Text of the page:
John Rabe, a German businessman saved thousands of Chinese from Japanese soldiers during WWII. DW-WORLD.DE spoke with Erwin Wickert, the editor of his diaries.
Though a Nazi party member, Rabe, third from left, rescued Chinese from death
German author and diplomat Erwin Wickert, the 91-year-old editor of the diaries "John Rabe: The Good German of Nanking," talked to DW-WORLD.DE about Rabe, whom he first met in 1936. Wickert is a novelist, author of numerous books on East Asia and a former ambassador to China.
DW-WORLD.DE: How did you meet John Rabe?
Erwin Wickert: I was a hobo, a bum looking for adventure, had been a German exchange student at Dickinson College in Pennsylvania, and wanted to take the Pacific route to East Asia. When I arrived in China, I was 21 and broke -- it was difficult arranging money transfers from Germany in 1936. I was hoping to find other Germans I could stay with, and was referred to Rabe and his wife Dora, who generously took me into their home.
Wickert, now 91, was Rabe's guest in 1936
Rabe had joined the Nazi party in 1934, yet he opened his home to strangers -- to you and to hundreds of Chinese fleeing Japanese soldiers. What kind of a man was Rabe?
In Hitler's time, there were three types of Germans: the Nazis, the intelligentsia and the decent Germans. It was possible to belong to two of the categories, but not all three. Rabe was clearly honorable and he was a Nazi in name. He had no idea about Hitler and had only heard good things. Remember, Rabe had spent decades in China. He had only been in Germany briefly in 1928 during a time when the Nazis were an unknown entity.
Still, he read German and English newspapers in China, and there were so many Jewish emigrés who suddenly started arriving in Shanghai and elsewhere. He should have given more weight to the testimonies of the Jews, but Rabe was absolutely not anti-Semitic. Not a single anti-Semitic reference could be found in his diaries.
In Nanking, the Americans and Brits thought he must have been high up, because he boasted about being a Nazi member and firing off a telegram to Hitler. He wasn't. To many Germans abroad, being a Nazi didn't mean anything. They needed to join the party to further their careers or to achieve certain goals. Rabe had joined in 1934, because he wanted to open up a German school for the locals.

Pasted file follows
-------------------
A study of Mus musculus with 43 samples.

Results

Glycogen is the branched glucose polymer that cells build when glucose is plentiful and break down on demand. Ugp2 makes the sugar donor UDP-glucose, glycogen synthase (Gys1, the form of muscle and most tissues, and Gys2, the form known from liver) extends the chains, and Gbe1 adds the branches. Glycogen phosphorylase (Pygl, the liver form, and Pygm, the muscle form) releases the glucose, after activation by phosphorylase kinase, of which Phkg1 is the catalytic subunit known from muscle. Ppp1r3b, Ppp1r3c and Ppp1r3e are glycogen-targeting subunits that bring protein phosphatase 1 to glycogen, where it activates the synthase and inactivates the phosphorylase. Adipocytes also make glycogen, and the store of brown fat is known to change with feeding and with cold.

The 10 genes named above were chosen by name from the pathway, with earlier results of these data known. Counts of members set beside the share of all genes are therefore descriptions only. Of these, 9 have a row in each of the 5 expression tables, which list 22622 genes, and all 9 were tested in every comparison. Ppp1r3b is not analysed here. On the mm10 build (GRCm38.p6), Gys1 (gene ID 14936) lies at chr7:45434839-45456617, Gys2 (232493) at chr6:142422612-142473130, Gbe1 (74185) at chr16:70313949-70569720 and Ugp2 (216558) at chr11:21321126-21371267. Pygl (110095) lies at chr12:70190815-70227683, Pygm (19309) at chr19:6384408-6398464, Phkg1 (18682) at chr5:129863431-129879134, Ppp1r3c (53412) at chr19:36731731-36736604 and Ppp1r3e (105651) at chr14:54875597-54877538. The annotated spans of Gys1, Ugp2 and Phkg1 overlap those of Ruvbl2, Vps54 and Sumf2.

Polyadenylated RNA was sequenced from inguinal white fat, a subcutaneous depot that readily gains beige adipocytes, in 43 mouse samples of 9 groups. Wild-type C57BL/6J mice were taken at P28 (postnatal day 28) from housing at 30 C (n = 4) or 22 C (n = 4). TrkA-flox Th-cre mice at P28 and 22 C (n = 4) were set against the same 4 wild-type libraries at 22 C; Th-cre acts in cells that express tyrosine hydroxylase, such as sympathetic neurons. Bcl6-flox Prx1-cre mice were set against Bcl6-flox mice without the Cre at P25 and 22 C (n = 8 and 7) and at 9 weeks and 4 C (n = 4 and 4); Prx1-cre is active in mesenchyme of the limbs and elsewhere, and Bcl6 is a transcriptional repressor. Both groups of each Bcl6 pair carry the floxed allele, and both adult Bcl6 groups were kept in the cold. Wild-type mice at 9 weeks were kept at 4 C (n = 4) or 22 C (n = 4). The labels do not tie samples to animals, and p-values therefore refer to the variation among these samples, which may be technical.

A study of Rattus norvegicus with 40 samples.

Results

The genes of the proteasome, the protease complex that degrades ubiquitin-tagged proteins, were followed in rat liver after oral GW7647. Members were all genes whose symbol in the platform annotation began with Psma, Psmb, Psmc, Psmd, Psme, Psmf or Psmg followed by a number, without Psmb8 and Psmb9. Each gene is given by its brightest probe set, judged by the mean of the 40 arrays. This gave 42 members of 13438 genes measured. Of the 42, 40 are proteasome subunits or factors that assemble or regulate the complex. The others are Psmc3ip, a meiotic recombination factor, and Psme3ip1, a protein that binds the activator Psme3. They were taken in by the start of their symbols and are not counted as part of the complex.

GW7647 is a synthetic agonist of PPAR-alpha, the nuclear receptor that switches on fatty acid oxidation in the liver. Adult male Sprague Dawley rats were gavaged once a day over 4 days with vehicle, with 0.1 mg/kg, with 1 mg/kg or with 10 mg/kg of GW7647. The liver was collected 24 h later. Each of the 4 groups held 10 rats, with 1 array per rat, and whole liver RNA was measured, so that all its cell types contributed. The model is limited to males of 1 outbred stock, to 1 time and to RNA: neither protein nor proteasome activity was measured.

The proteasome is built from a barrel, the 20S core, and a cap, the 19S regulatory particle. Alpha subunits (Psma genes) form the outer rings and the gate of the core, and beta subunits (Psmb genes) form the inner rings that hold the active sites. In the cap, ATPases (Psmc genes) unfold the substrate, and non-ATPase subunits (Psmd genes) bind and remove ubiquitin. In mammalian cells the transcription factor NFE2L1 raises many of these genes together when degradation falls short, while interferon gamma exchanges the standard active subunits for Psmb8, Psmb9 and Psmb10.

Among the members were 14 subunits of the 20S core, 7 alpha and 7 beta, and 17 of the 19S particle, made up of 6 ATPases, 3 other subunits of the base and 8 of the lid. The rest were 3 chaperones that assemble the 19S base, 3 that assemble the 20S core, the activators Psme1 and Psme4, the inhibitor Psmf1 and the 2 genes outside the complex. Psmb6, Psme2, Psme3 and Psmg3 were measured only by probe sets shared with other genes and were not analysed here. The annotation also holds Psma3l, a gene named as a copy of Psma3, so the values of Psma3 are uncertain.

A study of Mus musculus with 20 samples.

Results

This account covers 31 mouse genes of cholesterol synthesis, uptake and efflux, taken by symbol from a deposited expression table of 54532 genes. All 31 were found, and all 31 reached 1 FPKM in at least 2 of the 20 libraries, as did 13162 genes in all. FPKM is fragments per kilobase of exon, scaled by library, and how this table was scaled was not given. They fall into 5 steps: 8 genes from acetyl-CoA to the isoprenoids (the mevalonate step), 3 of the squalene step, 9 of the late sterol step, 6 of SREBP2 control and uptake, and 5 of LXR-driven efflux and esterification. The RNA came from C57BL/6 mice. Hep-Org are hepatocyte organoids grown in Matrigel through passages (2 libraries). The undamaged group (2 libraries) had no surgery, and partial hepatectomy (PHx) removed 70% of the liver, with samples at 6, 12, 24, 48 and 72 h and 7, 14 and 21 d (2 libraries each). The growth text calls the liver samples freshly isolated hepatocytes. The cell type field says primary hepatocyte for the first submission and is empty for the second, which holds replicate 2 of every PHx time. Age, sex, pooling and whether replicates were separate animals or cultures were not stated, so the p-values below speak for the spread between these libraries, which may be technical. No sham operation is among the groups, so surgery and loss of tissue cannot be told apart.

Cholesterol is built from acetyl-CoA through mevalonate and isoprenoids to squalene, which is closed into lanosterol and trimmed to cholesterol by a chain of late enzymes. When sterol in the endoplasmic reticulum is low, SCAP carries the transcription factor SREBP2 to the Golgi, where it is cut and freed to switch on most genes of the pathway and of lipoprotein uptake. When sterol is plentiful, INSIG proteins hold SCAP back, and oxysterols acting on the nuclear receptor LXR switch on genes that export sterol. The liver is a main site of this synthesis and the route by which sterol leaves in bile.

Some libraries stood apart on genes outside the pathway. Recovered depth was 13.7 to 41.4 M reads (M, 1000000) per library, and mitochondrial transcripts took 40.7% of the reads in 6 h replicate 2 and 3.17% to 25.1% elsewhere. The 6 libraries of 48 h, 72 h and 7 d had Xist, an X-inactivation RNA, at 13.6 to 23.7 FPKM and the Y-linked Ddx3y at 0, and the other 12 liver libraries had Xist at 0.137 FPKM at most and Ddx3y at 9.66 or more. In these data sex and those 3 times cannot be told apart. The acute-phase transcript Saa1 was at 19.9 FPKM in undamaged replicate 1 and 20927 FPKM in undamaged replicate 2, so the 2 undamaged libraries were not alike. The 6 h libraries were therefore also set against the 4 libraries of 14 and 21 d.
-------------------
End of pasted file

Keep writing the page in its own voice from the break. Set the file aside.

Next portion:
He had certainly used his Nazi credentials to shelter the Chinese. The Japanese soldiers, many of them very young, went on a rampage, killing civilians in every way imaginable. Why did they suddenly stop at Rabe's door in the international security zone?
He bluffed a lot, and even worried about how long he could continue bluffing. He showed them his Nazi badge. They must have thought that Hitler was around the corner. One soldier was in the middle of raping a woman and Rabe simply shouted, pointed to his swastika, and sent the soldier back over the fence. He had no weapons, but the Japanese knew he was German.
You worked for the German Foreign Service in Shanghai during the war, and then you were posted as a radio attaché to Tokyo, where you stayed until shortly after the Japanese surrender. Having witnessed Japanese aggression in China, how did that make you feel about Japan?
The Japanese are difficult to understand. Many could not admit that their own countrymen committed such atrocities, but they wanted to know about it. The Rabe diaries were published in Japan, and the book was enormously successful. Probably because it was a day-to-day account of what happened, and it did not condemn the Japanese as a people.
There was one chapter of the Rabe diaries that appeared in German, but was dropped by the American publisher and never translated into English. I describe the bestialities that were committed in the name of Imperial Japan as part of the human condition. Perhaps Rabe summed it up best, "There is good and evil in every nation. The brave and the criminal. In war unfortunately, criminality always rises to the surface."